Sometimes, I get passionate about a stance, and it can give an impression about my beliefs that isn’t true. So, in an effort to clear up some confusion, I’d like to give you a clear understanding of my thoughts on law enforcement, motorcycle clubs, and understanding the power of power.
First, cops. I believe this country would be shit without them. Of course we need law enforcement!! If someone is breaking into my apartment, I want to pick up my cell phone, dial 9-1-1 and have them rush to my rescue. We really do have one of the best systems of justice in the world.I can reasonably drive safely because fear of traffic tickets has begotten the wisdom for us all to drive a certain speed, in certain lanes, and obey traffic signals. If everyone does their part the way we were supposed to, then the chances an innocent person would get railroaded going through our justice process are really slim. Justice is meted out to the guilty in proper measure. Ahh..but there’s the catch, right? With a multi-faceted system, there is an increased chance that someone along the line is going to do something wrong. It could be anyone from the arresting officer all the way up to the judge. But because we do have such a cool system, we citizens can kick and scream whenever short-cuts are taken, or authority is misused.
Like the bikers, there are actually law enforcement members of my family that I have no beef with. My sister Alexa is married to cop, and he loves her. He has supported her through the loss of their baby daughter, her cancer, and taking care of our sick mother. I know Alexa, and she isn’t too different from me when it comes to those in authority over us. Lol… No one was more surprised she married a cop than I was, except maybe Alexa herself! But this guy, who has been in our family for a long time now, has something other cops don’t have in my world – a face, name, history, triumphs and wounds. I don’t see a cop when I see him. I see a brother. On the other end of that specter, I’ve been targeted more than once by law enforcement agents who felt that it just didn’t make any sense that I wasn’t a drug mule for the mob, and because they had such a scary, narrow view of who the people were in this large organization, they felt the ends justified the means. They followed me around for months, walked into my home without knocking, and I suspect, listened to my phone calls for at least a couple of years. All for what? I wasn’t the kind of person they ASSUMED I would be, and they set out to prove my guilt, never questioning whether or not I truly was innocent.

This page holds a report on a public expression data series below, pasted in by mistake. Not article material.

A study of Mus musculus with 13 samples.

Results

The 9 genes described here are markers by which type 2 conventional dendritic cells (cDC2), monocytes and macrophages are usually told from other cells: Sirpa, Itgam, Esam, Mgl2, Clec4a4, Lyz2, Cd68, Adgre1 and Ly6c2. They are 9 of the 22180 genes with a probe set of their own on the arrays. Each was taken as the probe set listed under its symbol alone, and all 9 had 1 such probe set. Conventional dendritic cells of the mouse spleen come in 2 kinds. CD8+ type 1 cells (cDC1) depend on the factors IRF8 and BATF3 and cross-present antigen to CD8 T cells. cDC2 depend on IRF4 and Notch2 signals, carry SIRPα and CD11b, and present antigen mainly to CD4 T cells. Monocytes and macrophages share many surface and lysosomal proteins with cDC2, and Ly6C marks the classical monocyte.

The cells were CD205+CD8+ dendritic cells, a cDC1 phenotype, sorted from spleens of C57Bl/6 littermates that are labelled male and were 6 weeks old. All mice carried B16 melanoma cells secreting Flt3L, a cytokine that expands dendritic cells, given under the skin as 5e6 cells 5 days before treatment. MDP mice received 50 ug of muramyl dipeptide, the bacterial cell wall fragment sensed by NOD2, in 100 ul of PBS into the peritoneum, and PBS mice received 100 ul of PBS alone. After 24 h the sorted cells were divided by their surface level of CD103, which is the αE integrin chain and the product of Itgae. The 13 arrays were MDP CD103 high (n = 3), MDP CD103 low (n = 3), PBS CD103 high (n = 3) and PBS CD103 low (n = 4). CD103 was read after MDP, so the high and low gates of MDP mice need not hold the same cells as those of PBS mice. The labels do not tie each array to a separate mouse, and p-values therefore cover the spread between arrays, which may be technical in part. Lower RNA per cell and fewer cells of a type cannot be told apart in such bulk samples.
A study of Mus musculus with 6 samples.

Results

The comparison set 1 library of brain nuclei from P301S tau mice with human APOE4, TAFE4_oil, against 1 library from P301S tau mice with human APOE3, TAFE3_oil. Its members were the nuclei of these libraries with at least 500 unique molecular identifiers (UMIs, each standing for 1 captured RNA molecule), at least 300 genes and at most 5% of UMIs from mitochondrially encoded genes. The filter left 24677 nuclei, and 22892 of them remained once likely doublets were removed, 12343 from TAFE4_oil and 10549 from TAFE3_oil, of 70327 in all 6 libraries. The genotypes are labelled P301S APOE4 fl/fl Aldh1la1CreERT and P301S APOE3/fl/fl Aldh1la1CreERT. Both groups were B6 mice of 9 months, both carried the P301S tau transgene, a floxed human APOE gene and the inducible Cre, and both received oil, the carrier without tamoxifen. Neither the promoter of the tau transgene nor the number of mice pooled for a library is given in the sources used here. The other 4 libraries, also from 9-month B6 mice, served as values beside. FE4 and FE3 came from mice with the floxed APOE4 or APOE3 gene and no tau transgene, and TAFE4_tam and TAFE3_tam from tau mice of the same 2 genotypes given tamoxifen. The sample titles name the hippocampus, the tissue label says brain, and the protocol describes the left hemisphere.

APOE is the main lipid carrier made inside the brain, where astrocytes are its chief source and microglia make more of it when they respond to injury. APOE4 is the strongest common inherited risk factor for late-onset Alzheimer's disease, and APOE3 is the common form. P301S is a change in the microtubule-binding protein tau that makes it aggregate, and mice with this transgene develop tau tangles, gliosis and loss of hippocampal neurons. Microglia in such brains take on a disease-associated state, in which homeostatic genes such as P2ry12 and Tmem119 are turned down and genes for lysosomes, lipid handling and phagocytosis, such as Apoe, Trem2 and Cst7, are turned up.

It is always a fine line between deciding the importance between two things — protecting the innocent or punishing the guilty. Which should a person err on the side of? Should innocent people be locked up just so that the one or two criminals in their midst are taken off the streets? Is that the kind of justice any of us want? To me, that is the turn we are taking as a society. Obviously, I’m not the only one who thinks this. Americans all across this nation are questioning tactics, motivations, and by doing so, they are holding at bay the ability to collect too much power by these authoritative agencies and their agents.
It is okay to ask the people put in charge of our security questions about their tactics, their motives, and their general opinion of the people they are supposed to protect and serve. Only those with something to hide would take offense to that. If we as a society want to hold on to our freedoms, we’d better get comfortable questioning the standard line, and make sure those in charge over us are comfortable answering to us.